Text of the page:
West Nile virus reported in Camden County

CAMDEN COUNTY — The West Nile virus (WNV) has been detected among a sample of mosquitoes collected in St. Marys.

Health officials say the results taken earlier this week are an indication that WNV is actively circulating in local mosquito populations, regardless of the exact location of the positive mosquito sample, and appropriate precautions should be taken.

According to the Centers for Disease Control and Prevention, WNV is the leading cause of mosquito-borne disease in the continental United States. Cases of WNV occur during mosquito season, which starts in the summer and continues through fall. Fortunately, most people infected with the virus do not feel sick. Roughly 20% of people who become infected develop a fever and other symptoms, with 1 out of 150 infected people developing a serious, sometimes fatal, illness [1].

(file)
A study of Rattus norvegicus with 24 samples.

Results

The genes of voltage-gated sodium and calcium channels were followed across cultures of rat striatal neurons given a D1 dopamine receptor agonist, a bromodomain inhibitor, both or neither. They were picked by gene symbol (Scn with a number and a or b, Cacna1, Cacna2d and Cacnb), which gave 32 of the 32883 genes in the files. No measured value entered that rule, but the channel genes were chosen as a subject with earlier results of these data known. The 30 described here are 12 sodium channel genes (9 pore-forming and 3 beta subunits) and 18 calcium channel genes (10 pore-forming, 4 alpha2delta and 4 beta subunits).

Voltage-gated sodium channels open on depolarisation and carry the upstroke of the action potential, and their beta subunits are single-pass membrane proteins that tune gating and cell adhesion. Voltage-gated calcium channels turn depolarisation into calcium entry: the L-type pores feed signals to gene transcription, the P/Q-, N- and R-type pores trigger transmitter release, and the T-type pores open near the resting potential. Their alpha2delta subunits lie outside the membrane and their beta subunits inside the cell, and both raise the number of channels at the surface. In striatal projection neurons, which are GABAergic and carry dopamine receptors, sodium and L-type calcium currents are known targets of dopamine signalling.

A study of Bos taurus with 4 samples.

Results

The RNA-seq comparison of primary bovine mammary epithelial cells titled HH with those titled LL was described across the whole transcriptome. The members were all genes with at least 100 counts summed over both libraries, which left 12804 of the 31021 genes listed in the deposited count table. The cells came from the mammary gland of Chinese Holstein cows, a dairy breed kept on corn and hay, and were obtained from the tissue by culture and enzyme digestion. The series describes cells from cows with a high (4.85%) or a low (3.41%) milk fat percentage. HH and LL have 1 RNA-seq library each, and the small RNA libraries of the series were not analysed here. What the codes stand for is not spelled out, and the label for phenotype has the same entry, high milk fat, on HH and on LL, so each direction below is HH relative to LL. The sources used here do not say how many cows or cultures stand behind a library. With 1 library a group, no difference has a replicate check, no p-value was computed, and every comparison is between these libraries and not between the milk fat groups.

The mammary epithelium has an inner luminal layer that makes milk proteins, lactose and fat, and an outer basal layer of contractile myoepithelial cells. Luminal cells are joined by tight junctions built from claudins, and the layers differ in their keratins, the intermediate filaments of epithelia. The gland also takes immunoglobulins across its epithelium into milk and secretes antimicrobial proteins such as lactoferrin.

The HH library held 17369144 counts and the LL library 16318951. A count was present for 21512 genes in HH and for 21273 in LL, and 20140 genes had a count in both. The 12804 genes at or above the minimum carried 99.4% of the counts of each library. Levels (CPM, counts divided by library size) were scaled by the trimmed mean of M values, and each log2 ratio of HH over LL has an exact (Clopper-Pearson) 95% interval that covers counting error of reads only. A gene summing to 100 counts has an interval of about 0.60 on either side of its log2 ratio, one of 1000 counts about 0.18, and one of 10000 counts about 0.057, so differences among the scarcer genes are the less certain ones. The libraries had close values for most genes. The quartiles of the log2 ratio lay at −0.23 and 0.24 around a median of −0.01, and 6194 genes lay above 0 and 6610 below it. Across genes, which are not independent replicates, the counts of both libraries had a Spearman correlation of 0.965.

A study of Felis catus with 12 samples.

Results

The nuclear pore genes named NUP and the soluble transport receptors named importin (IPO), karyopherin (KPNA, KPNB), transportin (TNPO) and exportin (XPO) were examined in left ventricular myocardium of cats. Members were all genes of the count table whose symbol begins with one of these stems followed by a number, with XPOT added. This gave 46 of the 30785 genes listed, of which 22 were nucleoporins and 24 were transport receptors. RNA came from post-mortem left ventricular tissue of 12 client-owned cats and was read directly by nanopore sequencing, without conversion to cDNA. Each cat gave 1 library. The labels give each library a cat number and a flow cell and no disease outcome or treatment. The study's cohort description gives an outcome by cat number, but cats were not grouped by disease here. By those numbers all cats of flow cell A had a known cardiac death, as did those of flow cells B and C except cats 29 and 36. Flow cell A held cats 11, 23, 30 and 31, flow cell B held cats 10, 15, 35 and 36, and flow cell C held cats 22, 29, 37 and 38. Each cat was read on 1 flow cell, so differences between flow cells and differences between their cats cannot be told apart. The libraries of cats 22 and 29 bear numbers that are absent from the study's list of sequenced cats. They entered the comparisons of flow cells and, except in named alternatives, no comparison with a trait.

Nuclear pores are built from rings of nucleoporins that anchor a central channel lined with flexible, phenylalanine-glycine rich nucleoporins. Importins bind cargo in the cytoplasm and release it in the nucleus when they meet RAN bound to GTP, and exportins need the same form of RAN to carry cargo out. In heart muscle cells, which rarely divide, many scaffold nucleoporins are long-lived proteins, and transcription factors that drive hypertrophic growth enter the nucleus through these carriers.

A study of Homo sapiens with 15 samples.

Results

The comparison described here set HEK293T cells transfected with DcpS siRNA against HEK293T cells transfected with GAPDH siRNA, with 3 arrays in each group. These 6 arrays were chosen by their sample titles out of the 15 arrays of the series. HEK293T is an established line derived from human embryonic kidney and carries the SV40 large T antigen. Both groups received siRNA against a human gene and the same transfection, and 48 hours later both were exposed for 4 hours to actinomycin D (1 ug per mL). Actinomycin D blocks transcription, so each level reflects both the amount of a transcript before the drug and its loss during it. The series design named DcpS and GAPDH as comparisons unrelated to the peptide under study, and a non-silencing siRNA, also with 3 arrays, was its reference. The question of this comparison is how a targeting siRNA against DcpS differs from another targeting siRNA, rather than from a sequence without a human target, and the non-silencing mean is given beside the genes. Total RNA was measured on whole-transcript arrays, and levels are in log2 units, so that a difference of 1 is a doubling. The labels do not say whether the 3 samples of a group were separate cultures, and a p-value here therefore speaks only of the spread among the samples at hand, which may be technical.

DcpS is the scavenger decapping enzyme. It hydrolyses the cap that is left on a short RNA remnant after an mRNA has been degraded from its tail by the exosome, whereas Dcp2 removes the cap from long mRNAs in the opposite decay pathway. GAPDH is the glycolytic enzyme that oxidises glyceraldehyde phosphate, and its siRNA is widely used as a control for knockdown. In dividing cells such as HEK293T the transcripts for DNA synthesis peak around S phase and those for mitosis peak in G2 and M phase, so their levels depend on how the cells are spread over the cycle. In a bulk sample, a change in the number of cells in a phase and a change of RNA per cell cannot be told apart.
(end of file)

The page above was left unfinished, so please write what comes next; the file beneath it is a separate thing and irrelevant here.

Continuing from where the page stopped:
In 2020, 8 cases of WNV in Georgia were reported to the CDC. In Florida, 50 cases were reported, 3 of which resulted in death [2].

Camden County health officials say people can mitigate their risk by following the “5 Ds”:

  • Dress – Wear loose-fitting, long-sleeved shirts and pants to reduce the amount of exposed skin.
  • DEET – Cover exposed skin with an insect repellent containing DEET, which is the most effective repellent against mosquito bites.
  • Drain – Empty any outdoor containers holding standing water because they are breeding grounds for virus-carrying mosquitoes.
  • Doors – Make sure doors and windows are in good condition. Fix torn or damaged screens to keep mosquitoes out of the house.
  • Dusk/Dawn – Avoid dusk and dawn activities during the summer when mosquitoes are most active.

For more information on mosquito-borne illnesses, visit gachd.org/mosquitoes.



Samantha Mathers

Samantha Mathers, Action News Jax

Samantha Mathers is a digital reporter and content creator.